In 1994, Lizbeth Meredith said good-bye to her four- and six year-old daughters for a visit with their non-custodial father—only to learn days later that they had been kidnapped and taken to their father’s home country of Greece.
Twenty-nine and just on the verge of making her dreams of financial independence for her and her daughters come true, Lizbeth now faced a $100,000 problem on a $10 an hour budget. For the next two years—fueled by memories of her own childhood kidnapping—Lizbeth traded in her small life for a life more public, traveling to the White House and Greece, and becoming a local media sensation in order to garner interest in her efforts. The generous community of Anchorage becomes Lizbeth’s makeshift family—one that is replicated by a growing number of Greeks and expats overseas who help Lizbeth navigate the turbulent path leading back to her daughters.
Lizbeth’s story was amazing. Despite going into this book knowing how it was going to end, her path was filled with so many obstacles to overcome that I wondered if she was really going to get her daughters back, and how she managed to hold on to her sanity. But I have to be honest: I don’t even know how to review this book. I’m going to treat you to a mishmash of the thoughts and feelings I had while reading this book in lieu of a structured review. Because how do you “review” someone’s life experiences and do them justice?
First and foremost, I was blown away by Lizbeth’s tenacity and strength, and the fact that she didn’t let any of the obstacles she faced deter her from rescuing her daughters. And let me tell you, she faced some damn big obstacles; from detectives lying to her, to government agencies sending her in circles, to her ex-husband threatening her life if she attempted to reach her daughters. But she never gave up and she never quit. It’s surreal reading about the girls and me in the paper. That poor mother. Those poor girls. That bad man. I find myself wondering how it will all end for these people. And it hits me that the story is mine. My daughters’ story and mine. It’s Mother’s Day, and I am a motherless child who is now a childless mother, who will celebrate by waiting for tips from the Anchorage public on how to find her daughters.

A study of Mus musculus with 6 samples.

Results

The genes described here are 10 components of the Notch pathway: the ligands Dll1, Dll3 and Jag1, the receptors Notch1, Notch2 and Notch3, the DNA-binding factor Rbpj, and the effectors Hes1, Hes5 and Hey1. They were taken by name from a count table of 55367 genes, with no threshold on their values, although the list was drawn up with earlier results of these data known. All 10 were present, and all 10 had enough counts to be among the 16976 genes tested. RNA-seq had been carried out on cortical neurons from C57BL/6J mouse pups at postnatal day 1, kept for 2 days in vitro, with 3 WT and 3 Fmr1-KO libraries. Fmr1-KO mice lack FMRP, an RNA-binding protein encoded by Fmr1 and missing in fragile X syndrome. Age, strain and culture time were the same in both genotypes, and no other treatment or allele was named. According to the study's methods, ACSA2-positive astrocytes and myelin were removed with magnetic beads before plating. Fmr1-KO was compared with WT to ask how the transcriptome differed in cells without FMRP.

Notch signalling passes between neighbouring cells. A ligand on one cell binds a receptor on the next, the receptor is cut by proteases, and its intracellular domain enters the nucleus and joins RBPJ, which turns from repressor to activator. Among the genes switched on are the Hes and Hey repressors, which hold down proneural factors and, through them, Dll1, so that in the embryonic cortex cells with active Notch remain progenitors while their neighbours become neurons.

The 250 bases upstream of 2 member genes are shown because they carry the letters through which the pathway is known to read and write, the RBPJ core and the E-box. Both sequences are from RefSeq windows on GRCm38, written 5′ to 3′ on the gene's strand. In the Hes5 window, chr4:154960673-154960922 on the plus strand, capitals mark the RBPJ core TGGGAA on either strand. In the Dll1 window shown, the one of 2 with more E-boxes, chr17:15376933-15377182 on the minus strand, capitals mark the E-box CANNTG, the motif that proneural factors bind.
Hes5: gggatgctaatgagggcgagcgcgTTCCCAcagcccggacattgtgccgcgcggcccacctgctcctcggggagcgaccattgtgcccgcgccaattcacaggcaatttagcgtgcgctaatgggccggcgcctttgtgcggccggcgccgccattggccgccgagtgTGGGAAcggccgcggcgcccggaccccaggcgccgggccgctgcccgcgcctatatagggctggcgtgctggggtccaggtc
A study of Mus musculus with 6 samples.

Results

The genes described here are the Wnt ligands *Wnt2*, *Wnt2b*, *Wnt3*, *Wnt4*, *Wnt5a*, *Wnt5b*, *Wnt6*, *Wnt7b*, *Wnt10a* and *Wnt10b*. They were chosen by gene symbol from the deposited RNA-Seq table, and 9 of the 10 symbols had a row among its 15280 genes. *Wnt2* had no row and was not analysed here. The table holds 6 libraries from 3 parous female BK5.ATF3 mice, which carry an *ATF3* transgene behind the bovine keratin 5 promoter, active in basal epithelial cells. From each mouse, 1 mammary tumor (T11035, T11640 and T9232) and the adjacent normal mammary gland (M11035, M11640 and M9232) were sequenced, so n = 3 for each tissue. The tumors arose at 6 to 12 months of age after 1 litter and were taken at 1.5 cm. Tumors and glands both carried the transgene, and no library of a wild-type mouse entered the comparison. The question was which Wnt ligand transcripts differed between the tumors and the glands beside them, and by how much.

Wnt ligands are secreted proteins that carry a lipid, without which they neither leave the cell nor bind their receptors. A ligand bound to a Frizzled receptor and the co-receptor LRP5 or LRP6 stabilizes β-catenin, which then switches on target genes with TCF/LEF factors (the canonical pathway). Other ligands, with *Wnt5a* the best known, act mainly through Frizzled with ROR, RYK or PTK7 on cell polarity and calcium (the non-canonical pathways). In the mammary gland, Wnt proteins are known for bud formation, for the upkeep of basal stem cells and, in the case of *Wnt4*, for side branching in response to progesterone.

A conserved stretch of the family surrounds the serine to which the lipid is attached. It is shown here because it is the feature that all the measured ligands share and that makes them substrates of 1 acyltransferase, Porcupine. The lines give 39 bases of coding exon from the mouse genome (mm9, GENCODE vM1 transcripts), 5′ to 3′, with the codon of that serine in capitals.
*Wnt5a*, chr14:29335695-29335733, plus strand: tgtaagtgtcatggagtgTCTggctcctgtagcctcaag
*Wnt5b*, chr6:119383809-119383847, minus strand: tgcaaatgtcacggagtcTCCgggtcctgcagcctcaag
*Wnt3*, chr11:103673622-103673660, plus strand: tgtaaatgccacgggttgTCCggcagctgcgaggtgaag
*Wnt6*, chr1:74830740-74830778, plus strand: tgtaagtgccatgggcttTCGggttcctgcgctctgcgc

Lizbeth tells her story with a raw honesty, seemingly laying it all out there regardless of how “unpretty” her reality was. She shared the lowest lows and the highest highs, and she didn’t sugarcoat it. Human contact diminishes me, even if it is with the humans I adore. Her candor was as refreshing as it was heartbreaking. Some days I hate everybody. At least I am smart enough to keep most of my thoughts to myself, because the truth is, I need my friends. And I need to remember to be a friend and realize that their lives and stressors are important to me, too, just as mine are to them. That being said, her sense of humor did shine through in several places, reminding the reader that she is a real person, and this really did happen. One of my favorite examples of this was a statement she made after an interesting interaction she had with her mother: Note to self: see psychiatrist when back in America to rule out genetic predisposition for batshit craziness.
I highly recommend that you read this book. Lizbeth is an amazing woman, as is her story. She is an extraordinary example of someone who is a fighter, someone who was able to rise above the truly crappy hand that she had been dealt and find a way to get her children back. And her story is one that everyone can learn from.
About the author:
Lizbeth Meredith is a writer with a bachelor’s degree in journalism and a master’s degree in psychology. She has worked as a domestic violence advocate and a child abuse investigator, and with at-risk teens as a juvenile probation supervisor. She blogs at http://www.lameredith.com, is a contributor to A Girls’ Guide To Travelling Alone by Gemma Thompson, and is the author of When Push Comes to Shove: How to Help When Someone You Love Is Being Abused. She lives in Anchorage, Alaska near her two adult daughters.
Thank you to BookSparks for providing me with a copy of this book as part of their Magic of Memoir tour.